The “open data” movement — the push to make government information accessible and transparent — has been on the upswing. In 2013, U.S. the government launched a groundbreaking open data initiative, calling information “a valuable national asset whose value is multiplied when it is made easily accessible to the public.”
Open data advocates want to see current achievements in government transparency expanded even further. The recently published Action Plan for the Next Administration, a product of the Center for Open Data Enterprise, lays out 27 goals for the future of open data, calling for leadership across federal agencies and providing them with steps they can take to ensure that the drive toward open data continues.
Four Avenues to Promote Open Data
Advocates describe four avenues of approach to expanding open data in government, including:
- Enhancing the open data environment within government
- Using data to deliver benefits to citizens
- Making scientific research data available to drive innovation
- Making government data a resource for businesses and entrepreneurs
To make data a priority, government needs to put leaders in place. To that end, the report’s first action item is a call to appoint a chief data officer in every federal agency. Any open data initiative requires a leader who is able to coordinate within an agency and across government.
The plan also calls for specific projects that could be undertaken in the early days of a new administration, and which could have direct benefits to citizens. Some of these data dissemination projects call for participation from federal agencies beyond the White House. For example, the U.S. Department of Agriculture could generate a national hunger heat map using data already in hand. Such a map could highlight food availability — such as restaurants and supermarkets with excess inventory — and chart those against areas where food is needed.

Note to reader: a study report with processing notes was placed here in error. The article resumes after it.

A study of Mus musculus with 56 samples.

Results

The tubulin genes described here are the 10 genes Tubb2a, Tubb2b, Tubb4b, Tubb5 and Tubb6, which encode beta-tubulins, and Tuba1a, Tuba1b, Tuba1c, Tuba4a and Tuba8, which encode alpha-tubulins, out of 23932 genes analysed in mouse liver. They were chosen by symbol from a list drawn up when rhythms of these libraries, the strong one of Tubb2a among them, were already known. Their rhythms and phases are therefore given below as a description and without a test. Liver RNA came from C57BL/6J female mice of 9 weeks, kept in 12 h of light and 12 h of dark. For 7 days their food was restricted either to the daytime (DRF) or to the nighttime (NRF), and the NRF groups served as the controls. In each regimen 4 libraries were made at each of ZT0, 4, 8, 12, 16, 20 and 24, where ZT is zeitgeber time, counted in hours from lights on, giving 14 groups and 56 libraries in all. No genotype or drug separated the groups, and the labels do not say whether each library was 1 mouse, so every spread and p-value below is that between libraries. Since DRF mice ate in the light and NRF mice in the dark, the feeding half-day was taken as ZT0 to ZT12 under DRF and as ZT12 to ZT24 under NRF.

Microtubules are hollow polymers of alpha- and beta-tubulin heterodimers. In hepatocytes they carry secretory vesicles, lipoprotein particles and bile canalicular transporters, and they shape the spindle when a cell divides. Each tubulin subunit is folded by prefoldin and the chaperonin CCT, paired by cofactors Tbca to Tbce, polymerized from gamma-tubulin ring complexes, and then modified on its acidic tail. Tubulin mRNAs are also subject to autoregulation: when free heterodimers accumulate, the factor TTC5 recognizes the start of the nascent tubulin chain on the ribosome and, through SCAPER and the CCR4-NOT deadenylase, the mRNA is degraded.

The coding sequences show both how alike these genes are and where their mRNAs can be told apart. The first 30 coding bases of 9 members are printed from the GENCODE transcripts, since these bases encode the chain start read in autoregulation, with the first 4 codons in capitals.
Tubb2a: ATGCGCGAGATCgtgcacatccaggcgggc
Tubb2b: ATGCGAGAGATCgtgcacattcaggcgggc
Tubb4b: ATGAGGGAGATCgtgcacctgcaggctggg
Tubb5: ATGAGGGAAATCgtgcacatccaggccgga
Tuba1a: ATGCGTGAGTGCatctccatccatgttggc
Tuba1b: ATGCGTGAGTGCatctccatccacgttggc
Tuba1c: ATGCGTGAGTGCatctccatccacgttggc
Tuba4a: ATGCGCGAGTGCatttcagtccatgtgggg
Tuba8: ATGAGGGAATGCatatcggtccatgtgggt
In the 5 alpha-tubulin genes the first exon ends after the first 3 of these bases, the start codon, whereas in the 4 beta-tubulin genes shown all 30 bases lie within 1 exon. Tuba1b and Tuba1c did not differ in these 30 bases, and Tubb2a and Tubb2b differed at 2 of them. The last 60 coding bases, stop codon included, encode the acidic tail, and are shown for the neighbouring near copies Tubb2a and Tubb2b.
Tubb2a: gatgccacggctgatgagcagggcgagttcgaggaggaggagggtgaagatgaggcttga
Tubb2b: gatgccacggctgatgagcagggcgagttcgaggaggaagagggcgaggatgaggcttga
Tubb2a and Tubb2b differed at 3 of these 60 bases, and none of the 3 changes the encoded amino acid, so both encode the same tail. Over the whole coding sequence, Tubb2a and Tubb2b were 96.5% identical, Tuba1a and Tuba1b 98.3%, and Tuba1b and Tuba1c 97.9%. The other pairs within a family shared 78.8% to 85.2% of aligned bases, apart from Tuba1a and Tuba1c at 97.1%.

Open Data as a Door to Business Opportunity
When it comes to the business community, open data initiative advocates say there is much that the new administration could do to help spur economic activity and drive employment. For example, the action plan calls for a combined effort by the U.S. Department of Labor and the National Institute of Standards and Technology. Together, these institutions could aggregate and publish extensive employment information that would help businesses identify likely talent pools, while also helping workers locate potential opportunities.
In the first 100 days, the National Science Foundation could develop a data census delivering key information about federally funded research, and could then require such data dissemination as part of grantees’ ongoing annual reporting. Such an inventory would help ensure public access to the data and results of federally funded research, allowing the business community to access published findings and potentially bring new innovations into the public arena faster. According to the Center for Open Data Enterprise report, “Since the NSF already requires its grantees to report annually on their work through the FastLane system on Research.gov, adding these survey questions will not substantially increase reporting burden.” Such disclosure would help the business community follow research trends over time, which could help business leaders chart the future course of their efforts.
In a final recommendation, the Center says it’s time for the U.S. Patent and Trademark Office (USPTO) to develop an open source online search tool for government-owned patents. The report states that there are over 45,000 license-free inventions and technologies the business community could be tapping, if only it knew where to look. “Federal science agencies should assist in the identification of intellectual property of the federal government,” the report suggests. “The USPTO should complete a plan for this search tool by June 2017, in consultation with other federal agencies and users of patent data, and implement it by January 2018.”
Open data advocates have made strong headway in recent years, and with active support from the White House, they could do even more to make open data flourish in support of ordinary citizens and the business community as a whole.